Mercia Ventures has led a £1.8m seed financing round into the Cambridge-based AI drug-finding startup Kuano.
To uncover new drugs Kuano has found a way to monitor enzymes – a biological catalyst – in their dynamic state, as opposed to the conventional method of analysing them in their resting state.
Dysfunctional enzymes are often an indicator of disease and are a target for drugs.
Scientists can use Kuano’s “quantum simulation platform” to view enzymes in their dynamic state and then use AI to estimate the ideal drug form.
Vid Stojevic, CEO and co-founder of Kuano, said: “Enzymes play a wide-ranging role in disease, but current technologies are unable to develop drugs to tackle most of them.”
A problem with relying on resting state research is one type of enzyme may act similarly to another. This means drugs can unintentionally target other enzymes too, which could adversely impact the treatment’s safety and efficacy.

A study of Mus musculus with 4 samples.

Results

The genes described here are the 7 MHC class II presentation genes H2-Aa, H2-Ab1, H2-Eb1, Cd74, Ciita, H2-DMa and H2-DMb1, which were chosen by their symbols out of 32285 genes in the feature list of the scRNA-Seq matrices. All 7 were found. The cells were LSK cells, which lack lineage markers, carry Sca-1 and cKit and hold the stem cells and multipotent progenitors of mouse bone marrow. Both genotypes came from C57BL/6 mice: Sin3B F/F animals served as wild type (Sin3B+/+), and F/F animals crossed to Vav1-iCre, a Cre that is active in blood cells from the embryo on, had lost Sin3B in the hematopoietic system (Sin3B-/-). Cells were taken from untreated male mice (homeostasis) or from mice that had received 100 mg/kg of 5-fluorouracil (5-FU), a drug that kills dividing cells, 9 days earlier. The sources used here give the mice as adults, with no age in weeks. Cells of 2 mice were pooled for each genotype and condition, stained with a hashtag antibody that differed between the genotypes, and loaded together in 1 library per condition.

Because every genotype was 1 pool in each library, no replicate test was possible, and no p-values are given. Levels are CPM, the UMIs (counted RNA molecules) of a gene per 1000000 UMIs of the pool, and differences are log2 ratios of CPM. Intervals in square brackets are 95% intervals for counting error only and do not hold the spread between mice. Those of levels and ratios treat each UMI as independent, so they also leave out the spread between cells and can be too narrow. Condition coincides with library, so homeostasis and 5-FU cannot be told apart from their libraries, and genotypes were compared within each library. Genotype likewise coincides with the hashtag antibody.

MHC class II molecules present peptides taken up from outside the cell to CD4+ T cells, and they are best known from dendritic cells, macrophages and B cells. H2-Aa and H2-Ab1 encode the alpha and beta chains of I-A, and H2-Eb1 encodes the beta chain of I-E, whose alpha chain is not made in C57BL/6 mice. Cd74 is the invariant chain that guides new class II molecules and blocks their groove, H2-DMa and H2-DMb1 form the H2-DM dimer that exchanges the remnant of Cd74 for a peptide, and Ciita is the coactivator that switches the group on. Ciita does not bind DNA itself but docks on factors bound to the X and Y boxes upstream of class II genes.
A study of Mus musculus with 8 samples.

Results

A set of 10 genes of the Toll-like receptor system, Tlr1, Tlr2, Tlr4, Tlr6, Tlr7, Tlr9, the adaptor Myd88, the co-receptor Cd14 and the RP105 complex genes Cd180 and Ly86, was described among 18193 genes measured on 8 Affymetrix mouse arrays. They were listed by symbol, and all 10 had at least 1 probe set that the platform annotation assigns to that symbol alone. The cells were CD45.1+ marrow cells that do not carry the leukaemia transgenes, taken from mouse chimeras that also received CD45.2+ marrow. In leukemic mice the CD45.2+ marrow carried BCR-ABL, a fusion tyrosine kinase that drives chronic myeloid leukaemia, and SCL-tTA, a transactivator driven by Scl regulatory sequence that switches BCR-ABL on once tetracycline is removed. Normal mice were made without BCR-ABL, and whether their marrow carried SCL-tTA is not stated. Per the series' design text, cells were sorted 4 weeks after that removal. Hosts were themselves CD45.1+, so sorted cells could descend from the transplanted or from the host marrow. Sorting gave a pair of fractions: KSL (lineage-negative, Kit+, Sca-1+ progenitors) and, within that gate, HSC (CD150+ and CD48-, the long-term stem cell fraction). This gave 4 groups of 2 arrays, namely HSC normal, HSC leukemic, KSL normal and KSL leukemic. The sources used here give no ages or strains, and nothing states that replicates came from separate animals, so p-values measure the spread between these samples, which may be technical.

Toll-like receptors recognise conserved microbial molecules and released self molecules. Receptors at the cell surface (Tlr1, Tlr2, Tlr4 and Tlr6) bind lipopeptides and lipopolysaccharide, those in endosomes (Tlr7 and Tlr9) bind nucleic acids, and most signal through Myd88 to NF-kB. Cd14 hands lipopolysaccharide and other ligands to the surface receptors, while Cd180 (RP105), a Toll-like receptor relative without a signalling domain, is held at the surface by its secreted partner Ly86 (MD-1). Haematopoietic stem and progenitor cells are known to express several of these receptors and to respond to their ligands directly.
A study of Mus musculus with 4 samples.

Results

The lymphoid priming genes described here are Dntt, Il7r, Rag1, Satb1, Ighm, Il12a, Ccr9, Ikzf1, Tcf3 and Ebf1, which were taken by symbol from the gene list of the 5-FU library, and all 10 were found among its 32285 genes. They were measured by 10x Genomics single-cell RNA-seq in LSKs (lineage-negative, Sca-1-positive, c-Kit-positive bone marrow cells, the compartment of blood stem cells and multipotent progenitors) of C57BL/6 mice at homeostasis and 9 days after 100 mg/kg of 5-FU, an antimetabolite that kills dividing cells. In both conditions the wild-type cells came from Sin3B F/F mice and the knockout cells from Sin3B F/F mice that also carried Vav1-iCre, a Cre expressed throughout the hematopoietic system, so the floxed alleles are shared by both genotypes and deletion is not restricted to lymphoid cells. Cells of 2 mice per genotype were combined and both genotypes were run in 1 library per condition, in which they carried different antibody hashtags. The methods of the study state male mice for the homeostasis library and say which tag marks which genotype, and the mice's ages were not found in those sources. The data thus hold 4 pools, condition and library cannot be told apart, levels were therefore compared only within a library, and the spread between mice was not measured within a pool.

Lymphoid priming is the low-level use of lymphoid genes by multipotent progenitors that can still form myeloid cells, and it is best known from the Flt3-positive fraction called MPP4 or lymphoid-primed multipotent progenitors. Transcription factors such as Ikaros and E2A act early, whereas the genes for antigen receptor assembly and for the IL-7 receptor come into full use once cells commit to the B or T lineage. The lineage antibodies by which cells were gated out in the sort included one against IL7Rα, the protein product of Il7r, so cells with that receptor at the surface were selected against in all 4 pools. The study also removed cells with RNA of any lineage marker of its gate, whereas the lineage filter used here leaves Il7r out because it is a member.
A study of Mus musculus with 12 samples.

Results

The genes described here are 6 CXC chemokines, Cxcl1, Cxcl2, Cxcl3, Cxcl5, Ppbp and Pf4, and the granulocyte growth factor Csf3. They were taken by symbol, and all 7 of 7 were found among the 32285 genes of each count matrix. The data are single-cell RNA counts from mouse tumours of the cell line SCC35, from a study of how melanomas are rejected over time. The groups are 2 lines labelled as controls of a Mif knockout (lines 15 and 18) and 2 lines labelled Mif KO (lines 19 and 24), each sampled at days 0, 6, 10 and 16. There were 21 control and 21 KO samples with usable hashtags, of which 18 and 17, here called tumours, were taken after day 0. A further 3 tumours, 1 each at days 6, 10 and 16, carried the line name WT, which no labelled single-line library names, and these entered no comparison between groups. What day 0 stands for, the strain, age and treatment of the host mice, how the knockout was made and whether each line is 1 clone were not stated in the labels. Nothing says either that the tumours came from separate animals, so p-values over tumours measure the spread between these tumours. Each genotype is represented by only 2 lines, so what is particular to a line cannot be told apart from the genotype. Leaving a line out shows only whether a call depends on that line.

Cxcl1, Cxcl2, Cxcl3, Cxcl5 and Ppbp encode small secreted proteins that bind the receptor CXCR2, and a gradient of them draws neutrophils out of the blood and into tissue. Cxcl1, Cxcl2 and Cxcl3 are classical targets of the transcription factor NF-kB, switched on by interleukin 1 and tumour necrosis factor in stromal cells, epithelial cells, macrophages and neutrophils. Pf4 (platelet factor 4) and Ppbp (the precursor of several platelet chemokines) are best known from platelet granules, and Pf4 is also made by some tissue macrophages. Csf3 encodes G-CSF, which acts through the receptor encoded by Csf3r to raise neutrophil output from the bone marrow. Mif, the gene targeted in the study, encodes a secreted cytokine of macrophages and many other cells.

“Our platform creates a ‘quantum lens’ that reveals the difference between enzymes and allows us to target each one individually, without affecting the others,” Stojevic explained.
The CEO said the seed will support more lab research and add team members to its leadership team.
Kuano’s seed additionally saw ACF Investors, Ascension Ventures, o2h Ventures, Meltwind Advisory LLP and angels take part.
Jarryl D’Oyley, Parminder Ruprah, David Wright and Stojevic co-founded the startup in 2020.
“Fewer than 20% of enzymes have so far been targeted by drugs because of the difficulty in understanding their dynamic states,” said Robert Hornby from Mercia Ventures.
“Kuano’s quantum simulation platform goes beyond existing AI models and means they can design drugs for previously ‘undruggable’ enzymes.”